Wireless week: Clock ticking for wearables and smart luggage checks in


In a week when the humble clock made headlines around the world, newer types of technology were overshadowed by the power of clockwork.

In Britain, the Lutz Pathfinder autonomous vehicle hit the mean streets of Milton Keynes, albeit at top speeds of 15 miles per hour. The company behind it is hoping it could replace public transport, with pods summoned by a smartphone.

According to Bloomberg, it uses a mix of lasers, radar and cameras to scan its surroundings. A driver will initially take the car around a city to have it “learn” its environment before it sets off on its own.

The project joins the likes of Google’s self-driving car program. Earlier this month, the company’s project experienced a surprising problem in its testing. The issue isn’t its car; it’s the unpredictability of other (human) drivers.

Researchers told the New York Times that Google’s car is too safe. Academic Donald Norman said: “They have to learn to be aggressive in the right amount, and the right amount depends on the culture.”

Google tries to put shattered Glass back together

Google’s Glass project was put on hiatus in January when the company announced it would no longer sell its $1,500 prototype “Explorer” specs.

Glasses are now back on the agenda with Project Aura, something that should not be confused with its modular smartphone Project Ara. Business Insider reported Google has hired staff from Amazon to work on the project, with one time Glass head Ivy Ross overseeing it.

Despite growing interest in virtual reality from the likes of Facebook, with its Oculus Rift project (among others; see below), it is currently unclear if Google will follow suit.

The Glass project is in dire need of reinvention. The initial prototypes were criticised as being too clunky and it failed to deliver enough benefits to justify the high cost of the device.

Facebook builds on Oculus Rift

Your smartphone could be the gateway to virtual reality, after reports Facebook is working on an app that allows spherical filming.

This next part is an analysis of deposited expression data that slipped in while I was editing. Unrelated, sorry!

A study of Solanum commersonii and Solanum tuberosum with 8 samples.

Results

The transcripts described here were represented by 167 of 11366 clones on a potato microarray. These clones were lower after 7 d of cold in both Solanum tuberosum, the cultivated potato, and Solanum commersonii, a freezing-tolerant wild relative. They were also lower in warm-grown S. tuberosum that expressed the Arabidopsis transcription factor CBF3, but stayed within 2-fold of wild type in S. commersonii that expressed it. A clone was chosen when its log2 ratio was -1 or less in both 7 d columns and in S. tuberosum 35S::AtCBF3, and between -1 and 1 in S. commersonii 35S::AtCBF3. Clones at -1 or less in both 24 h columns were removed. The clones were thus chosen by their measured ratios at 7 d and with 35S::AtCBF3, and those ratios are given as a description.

The social network will begin selling its Oculus VR headset early next year but content could be provided by smartphones, with users tilting the camera to deliver a full 360-degree experience.

The Wall Street Journal’s report repeated plans to support spherical video in Facebook’s news feed, allowing viewers to watch content from different angles.

It also cited research from Deutsche Bank, which claimed Facebook would sell 1.5 million Oculus devices next year. Analyst Ross Sandler said: “Oculus firmly believes that VR will initially be popular with hard-core gamers and enthusiasts who are willing to invest in high-end desktop computers for gaming for the next two years. Zuckerberg’s own vision is much broader than this, but it may take a few years to play out.”

Smart luggage

In a further sign there is nowhere safe from the Internet of Things, Deutsche Telekom’s T-Systems, baggage manufacturer RIMOWA and Airbus have developed an electronic tag for checking in luggage. Instead of the usual paper tag, travellers can send their flight details to an electronic display on their suitcase via Bluetooth.

The companies said the tech would help reduce check in times to mere seconds. The first cases carrying the electronic tag will go on sale from April 2016. If it proves a success, Mobile Europe hopes they turn their attention to improving the tedious airport security experience.